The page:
First Aid Kit
Before you set off on your travels, make sure that your first aid kit is fully stocked up. If you don't own one, get one. First aid kits contain useful medical supplies that can help with anything from bandaging up a scrape when one of the kids falls off their bike, to burn cream if you get too close to the campfire while cooking. Take a quick inventory and be sure to replace any missing items.
While not quite as important as a first aid kit, spices add ummph to dishes, so don't forget the spices for your camping trip. Maybe you think your food will be ok without it, but it'll be too late once you bite into a bland slab of meat. Your RV might even have a spice rack (like this awesome Palomino Puma for sale here at All Seasons RV) and you can keep your spices stocked up, but go through before each trip to make sure you have what you need and that you haven't run out of anything.
You'll always want to keep flashlights on hand while camping, so make sure you have a few packed up in the RV before you head out of West Michigan on your way to the Great Smoky Mountains or Mammoth Caves (two places where a flashlight would come in handy). You never know what can happen on an exciting camping trip, like maybe a power outage or storm, and you don't want to be left in the dark! Plus if you're going for a nighttime stroll or trekking to the bathhouse in the dark, you'll want to be able to see what's making noises in the dark (trust me!). They also come in handy for fun flashlight games around the campsite. And in those flashlights, be sure to check that the batteries are good. Which leads us to our next item ...
Always bring a couple packs of batteries along on your camping trips. It's inconvenient and disappointing when gadgets or essential items become useless because of dead batteries. Purchase a handy battery organizer so you can stock it up and won't have to think too much about it.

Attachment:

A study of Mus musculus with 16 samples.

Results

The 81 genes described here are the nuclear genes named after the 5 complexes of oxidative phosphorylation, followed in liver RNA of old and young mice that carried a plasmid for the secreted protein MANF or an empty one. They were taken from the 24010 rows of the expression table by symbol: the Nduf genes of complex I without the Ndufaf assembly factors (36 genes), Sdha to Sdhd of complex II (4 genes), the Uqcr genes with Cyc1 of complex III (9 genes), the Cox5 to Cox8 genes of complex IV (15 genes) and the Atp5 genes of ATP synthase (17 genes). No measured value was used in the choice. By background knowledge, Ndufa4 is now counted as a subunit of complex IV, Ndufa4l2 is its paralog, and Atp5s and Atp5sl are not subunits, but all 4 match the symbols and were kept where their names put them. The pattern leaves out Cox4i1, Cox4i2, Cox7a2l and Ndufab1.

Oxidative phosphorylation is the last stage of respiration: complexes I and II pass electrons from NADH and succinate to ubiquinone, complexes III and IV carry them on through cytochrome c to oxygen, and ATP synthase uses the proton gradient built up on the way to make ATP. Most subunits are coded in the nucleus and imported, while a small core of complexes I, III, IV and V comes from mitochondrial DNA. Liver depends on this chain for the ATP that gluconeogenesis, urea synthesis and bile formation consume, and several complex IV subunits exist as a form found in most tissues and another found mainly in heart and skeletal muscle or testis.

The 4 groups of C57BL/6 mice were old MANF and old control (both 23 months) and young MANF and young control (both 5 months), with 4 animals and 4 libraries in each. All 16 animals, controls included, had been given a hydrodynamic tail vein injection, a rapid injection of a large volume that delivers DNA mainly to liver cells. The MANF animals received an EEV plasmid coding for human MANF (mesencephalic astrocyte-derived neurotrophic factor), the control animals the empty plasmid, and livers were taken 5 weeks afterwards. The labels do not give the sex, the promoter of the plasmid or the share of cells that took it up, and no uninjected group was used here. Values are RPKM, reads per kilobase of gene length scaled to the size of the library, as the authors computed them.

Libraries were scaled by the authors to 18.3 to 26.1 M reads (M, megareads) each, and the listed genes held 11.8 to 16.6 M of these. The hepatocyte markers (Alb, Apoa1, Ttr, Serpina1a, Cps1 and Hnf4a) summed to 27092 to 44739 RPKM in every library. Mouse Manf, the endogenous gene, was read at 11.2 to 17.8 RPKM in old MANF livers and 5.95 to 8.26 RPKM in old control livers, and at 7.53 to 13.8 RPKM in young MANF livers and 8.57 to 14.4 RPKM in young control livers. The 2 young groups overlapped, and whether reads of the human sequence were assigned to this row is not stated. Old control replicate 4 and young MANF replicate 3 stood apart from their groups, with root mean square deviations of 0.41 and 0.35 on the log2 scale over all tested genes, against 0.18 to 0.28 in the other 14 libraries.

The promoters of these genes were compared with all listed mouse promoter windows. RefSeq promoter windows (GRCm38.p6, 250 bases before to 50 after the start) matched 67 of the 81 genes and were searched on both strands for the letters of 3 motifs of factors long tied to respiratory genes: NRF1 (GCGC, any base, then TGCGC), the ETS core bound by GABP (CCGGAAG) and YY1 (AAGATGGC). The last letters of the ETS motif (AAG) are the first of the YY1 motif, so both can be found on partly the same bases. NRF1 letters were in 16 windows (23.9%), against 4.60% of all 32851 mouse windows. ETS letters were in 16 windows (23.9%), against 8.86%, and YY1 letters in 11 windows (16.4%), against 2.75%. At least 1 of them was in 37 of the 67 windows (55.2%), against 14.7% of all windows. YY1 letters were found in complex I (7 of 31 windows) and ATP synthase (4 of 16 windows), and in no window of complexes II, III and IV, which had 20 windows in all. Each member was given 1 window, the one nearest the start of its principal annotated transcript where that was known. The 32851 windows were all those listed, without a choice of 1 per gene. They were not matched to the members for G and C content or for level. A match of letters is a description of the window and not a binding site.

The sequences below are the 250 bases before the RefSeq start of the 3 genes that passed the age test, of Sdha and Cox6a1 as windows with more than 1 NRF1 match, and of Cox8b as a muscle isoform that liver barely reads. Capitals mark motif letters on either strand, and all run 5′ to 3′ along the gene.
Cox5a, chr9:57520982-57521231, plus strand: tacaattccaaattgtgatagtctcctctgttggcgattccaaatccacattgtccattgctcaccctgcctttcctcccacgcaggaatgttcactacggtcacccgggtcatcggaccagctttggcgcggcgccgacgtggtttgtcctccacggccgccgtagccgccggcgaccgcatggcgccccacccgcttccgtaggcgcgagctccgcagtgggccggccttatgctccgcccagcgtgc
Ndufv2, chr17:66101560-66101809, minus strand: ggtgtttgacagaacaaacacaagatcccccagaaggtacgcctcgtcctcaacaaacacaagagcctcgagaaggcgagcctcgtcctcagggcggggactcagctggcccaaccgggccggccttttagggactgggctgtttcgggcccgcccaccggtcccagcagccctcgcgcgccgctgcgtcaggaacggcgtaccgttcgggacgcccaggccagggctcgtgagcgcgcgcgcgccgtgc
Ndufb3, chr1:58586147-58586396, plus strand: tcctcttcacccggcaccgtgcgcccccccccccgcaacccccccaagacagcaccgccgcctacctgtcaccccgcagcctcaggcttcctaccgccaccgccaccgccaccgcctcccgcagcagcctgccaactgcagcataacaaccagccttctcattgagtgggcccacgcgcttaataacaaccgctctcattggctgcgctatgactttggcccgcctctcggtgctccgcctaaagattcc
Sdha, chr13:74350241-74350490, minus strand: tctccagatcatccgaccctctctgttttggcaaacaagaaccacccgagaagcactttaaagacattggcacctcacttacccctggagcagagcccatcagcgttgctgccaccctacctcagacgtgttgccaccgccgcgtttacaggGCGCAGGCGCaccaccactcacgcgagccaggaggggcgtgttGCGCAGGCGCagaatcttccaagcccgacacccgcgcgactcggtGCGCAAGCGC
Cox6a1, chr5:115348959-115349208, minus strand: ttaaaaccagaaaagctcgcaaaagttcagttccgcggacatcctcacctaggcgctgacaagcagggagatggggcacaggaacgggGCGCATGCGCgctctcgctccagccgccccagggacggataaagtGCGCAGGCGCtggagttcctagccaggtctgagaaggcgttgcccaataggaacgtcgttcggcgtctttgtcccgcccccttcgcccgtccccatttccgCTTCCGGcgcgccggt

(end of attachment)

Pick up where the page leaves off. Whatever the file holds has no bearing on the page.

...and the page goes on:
Speaking of batteries, you won't want your phone battery to die, so make sure to pack your phone charger. Yes, camping is all about getting away from it all, but you don't want to wait until it's too late to find out your phone is dead and you're without help. On one hand, it'd be silly to go out and buy a new cord when you likely already have several at home, but on the other hand, you really can't have too many phone chargers!
Clothing For Any Weather
No matter what the weather forecast is predicting for your destination, do not trust it! Weather can change quickly, especially here in West Michigan. You don't want to be stuck in shorts and a t-shirt all week if it's going to be rainy and cold. Even if you only pack one warm outfit, at least you'll be prepared. Don't forget a water-resistant coat too.
Sunscreen and Bug Spray
Without sunscreen and bug spray, your camping trip could become miserable quite quickly! Sunscreen will prevent the sun's harmful rays from making you look like a scorched human lobster, and bug spray will repel mosquitos, gnats, ticks, certain flies, and other pesky insects that can leave itchy and painful bites and spread dangerous diseases. Pack these essentials, and also be sure to include some aloe gel and mosquito bite relief because sunscreen and bug spray aren't completely foolproof.
Before you hit the road, make sure that you have all the necessary tools packed for your camping trip. Everything is great until something breaks, and it's an unfortunate situation if you can't fix it (and you'll probably be a long way from the service department at All Seasons in Muskegon)! Hopefully you'll have sharing and caring neighbors who can lend you something, but you don't want to be imposing every time something goes wrong. Just make sure everything is there and accounted for in case you took a tool out at home and forgot to put it back.
Can Opener/Bottle Opener
Nothing is worse than going to crack open an ice cold beer or glass bottle beverage after setting up camp and realizing that you left the bottle opener at home. Finding out that you didn't bring the can opener along as you go to open a can of food for dinner is even worse! There are ways around the bottle opener situation, but it is a downright pain to open a can without a can opener. Make sure you have one in your RV's kitchen, and get one that has can opening capabilities so that you don't have to pack two different items. Alternatively, bring a Swiss army knife along and you'll have everything you need and more.
It's not impossible to start a fire without fire starters, but using them makes it so much easier. Some can even get a fire started in wet conditions! Either purchase some from the camping section of a store, or make your own using dryer lint, wax, sawdust, or other safe, flammable items. If you forget the fire starters, try out this tutorial on how to build a teepee fire, which can be done with or without a fire starter.